Supporting small-scale fisherwomen in Madagascar

 

Over the last year or so, we have built up a great working relationship with the women of Nosy Hara. The Women’s Association of Ampasindava, in particular, is very well organized and active. As well as facilitating the provision of maternal and neonatal health care facilities, C3 has worked with the Women’s Association to raise awareness of the Nosy Hara Marine Park regulations and the importance of sustainable management of marine resources. This video shows the Women’s Association parading through the village on International Women’s Day 2013 to help to educate the local community about the importance of the protection of endangered marine species such as sea turtles, sharks and dugongs.

The remote rural communities of Sakalava ethnicity are the poorest in Madagascar and the logistical barriers that prevent easy access to the project sites have led to their general exclusion from national development programmes.  The majority of community members are completely reliant on a subsistence lifestyle, fishing and farming daily to feed their families, making them extremely vulnerable to environmental change and shocks to natural resource availability.  Women in developing countries are commonly marginalized and often not adequately considered in mainstream development projects.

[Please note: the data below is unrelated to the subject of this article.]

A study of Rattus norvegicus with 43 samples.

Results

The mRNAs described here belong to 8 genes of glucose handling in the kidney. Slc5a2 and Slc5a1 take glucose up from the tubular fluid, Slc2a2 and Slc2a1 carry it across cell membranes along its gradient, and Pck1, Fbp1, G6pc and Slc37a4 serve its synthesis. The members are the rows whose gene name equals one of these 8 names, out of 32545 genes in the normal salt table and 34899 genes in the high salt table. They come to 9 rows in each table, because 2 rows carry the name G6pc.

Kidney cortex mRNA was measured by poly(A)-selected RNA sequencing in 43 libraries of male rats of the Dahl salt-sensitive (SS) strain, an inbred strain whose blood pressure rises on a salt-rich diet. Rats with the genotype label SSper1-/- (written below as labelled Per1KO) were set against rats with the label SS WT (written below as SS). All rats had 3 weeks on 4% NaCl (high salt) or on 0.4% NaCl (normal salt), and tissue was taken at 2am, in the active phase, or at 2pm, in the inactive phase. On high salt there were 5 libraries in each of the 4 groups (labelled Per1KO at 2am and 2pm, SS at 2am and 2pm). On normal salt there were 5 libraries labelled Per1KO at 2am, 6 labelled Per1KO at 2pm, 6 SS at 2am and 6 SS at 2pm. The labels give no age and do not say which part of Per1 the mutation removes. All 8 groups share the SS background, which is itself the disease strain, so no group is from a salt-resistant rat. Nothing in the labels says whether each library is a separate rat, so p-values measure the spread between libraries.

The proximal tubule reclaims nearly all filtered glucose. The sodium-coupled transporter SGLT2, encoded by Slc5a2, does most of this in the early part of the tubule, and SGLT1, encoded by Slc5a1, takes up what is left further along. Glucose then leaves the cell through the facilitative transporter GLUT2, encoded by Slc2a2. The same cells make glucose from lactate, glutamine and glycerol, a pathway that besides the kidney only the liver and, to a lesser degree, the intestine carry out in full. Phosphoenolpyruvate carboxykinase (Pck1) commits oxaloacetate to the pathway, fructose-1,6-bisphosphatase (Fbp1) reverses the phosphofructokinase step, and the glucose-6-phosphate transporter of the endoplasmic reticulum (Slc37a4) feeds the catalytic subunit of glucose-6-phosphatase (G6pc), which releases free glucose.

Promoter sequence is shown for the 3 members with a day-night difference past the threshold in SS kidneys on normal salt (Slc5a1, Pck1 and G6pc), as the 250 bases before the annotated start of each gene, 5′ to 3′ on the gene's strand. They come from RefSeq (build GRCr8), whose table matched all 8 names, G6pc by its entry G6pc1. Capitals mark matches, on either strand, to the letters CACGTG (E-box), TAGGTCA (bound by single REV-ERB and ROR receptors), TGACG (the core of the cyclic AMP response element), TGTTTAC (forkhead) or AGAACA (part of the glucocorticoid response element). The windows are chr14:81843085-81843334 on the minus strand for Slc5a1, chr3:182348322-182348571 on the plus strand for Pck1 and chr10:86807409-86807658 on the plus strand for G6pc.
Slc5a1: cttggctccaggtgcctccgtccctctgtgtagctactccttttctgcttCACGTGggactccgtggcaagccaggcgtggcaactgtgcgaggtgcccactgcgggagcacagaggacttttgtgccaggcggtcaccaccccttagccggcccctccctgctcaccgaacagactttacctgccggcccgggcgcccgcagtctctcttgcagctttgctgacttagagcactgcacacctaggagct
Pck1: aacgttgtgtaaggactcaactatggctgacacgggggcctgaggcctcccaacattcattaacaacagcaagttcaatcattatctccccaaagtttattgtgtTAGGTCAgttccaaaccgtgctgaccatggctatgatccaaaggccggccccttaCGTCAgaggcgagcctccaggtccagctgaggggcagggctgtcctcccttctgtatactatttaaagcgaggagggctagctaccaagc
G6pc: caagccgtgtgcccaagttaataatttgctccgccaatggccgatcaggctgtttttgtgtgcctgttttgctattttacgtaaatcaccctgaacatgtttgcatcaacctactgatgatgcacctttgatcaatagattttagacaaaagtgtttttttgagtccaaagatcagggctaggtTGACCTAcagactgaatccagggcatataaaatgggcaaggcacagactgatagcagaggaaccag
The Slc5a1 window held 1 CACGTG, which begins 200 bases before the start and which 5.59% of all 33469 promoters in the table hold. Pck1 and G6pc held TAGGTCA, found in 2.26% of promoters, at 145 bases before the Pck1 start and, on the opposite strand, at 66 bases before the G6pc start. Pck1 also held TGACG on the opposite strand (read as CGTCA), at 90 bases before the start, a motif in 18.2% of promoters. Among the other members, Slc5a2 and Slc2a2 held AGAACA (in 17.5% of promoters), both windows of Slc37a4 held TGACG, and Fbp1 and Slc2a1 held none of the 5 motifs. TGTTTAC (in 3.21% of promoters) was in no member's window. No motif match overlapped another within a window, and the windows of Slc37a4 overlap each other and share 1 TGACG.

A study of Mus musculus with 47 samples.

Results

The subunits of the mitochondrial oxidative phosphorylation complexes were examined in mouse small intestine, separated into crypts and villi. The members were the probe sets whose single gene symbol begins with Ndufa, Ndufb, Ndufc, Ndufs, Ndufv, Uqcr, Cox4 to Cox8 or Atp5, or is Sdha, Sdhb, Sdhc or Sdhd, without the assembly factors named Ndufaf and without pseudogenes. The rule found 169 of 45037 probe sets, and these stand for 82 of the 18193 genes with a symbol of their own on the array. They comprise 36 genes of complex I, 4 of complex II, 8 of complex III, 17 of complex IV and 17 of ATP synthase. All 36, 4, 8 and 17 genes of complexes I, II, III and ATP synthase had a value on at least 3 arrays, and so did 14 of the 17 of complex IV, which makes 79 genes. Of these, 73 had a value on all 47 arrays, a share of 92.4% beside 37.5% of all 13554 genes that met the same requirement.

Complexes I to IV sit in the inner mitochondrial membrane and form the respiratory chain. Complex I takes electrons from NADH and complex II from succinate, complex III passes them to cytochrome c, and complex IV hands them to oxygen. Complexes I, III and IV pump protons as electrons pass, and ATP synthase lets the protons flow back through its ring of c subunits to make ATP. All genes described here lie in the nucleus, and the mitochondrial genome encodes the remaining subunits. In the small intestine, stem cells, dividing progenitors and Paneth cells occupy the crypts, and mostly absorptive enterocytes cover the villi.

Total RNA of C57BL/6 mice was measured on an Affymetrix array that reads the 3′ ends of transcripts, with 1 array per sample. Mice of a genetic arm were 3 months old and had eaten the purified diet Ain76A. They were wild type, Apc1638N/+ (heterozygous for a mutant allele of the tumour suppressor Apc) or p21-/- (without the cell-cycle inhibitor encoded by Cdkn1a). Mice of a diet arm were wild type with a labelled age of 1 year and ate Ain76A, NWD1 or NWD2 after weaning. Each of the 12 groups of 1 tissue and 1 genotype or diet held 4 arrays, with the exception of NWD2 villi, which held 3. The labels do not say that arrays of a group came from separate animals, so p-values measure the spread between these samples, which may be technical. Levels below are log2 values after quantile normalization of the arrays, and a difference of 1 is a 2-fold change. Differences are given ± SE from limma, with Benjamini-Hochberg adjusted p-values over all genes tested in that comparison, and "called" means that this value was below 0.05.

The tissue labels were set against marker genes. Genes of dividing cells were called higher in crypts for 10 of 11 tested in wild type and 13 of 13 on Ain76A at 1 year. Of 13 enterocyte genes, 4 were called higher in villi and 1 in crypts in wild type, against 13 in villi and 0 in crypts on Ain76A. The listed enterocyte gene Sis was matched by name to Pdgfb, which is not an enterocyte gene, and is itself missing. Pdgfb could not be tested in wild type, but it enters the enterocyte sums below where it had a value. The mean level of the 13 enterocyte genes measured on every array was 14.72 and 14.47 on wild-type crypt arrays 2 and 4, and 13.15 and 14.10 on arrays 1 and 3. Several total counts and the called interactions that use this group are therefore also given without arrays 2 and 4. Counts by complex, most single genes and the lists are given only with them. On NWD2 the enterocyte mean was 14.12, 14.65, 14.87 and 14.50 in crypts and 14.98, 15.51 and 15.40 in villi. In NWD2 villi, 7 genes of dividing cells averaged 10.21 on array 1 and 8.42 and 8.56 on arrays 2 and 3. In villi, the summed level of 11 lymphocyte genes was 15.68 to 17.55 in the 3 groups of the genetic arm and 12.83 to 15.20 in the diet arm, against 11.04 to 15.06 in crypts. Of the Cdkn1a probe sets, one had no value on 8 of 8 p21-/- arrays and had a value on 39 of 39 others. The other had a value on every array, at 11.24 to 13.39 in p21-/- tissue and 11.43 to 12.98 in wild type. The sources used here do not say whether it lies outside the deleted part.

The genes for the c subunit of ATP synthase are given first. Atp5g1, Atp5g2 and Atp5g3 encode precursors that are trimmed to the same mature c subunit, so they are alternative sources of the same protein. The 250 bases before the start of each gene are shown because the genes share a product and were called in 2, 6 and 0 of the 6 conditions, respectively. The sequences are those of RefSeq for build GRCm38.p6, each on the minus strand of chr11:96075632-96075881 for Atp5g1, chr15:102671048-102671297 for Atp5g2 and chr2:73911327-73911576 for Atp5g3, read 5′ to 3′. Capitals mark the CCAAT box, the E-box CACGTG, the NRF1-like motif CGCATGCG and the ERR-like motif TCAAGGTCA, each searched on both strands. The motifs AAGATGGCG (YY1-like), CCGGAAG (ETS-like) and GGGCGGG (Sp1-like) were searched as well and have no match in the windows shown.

At our project site, both men and women play different productive, economic and social roles. There are gender differences in resource use patterns, access to land, natural resources, equipment, labour, capital, outside income, and education, and in the control of these resources. Participation of women in natural resource use is rarely fully acknowledged and tends to receive little, if any, economic remuneration.

By focusing on women’s cooperatives, providing training and access to markets women will be fully empowered to generate income for their communities and therefore socially included. Women are often involved in multiple activities (such as combining aquaculture with vegetable gardens or fish-smoking), whereas men’s work is often clearly focused on one set of inter-related activities (e.g. fishing).  Thus women are in fact more likely to accept and develop alternative sources of income.  Increased access to healthcare facilitated by our interventions will significantly affect the perception of women’s role in society and promote their inclusion in the long-term future in decision making processes.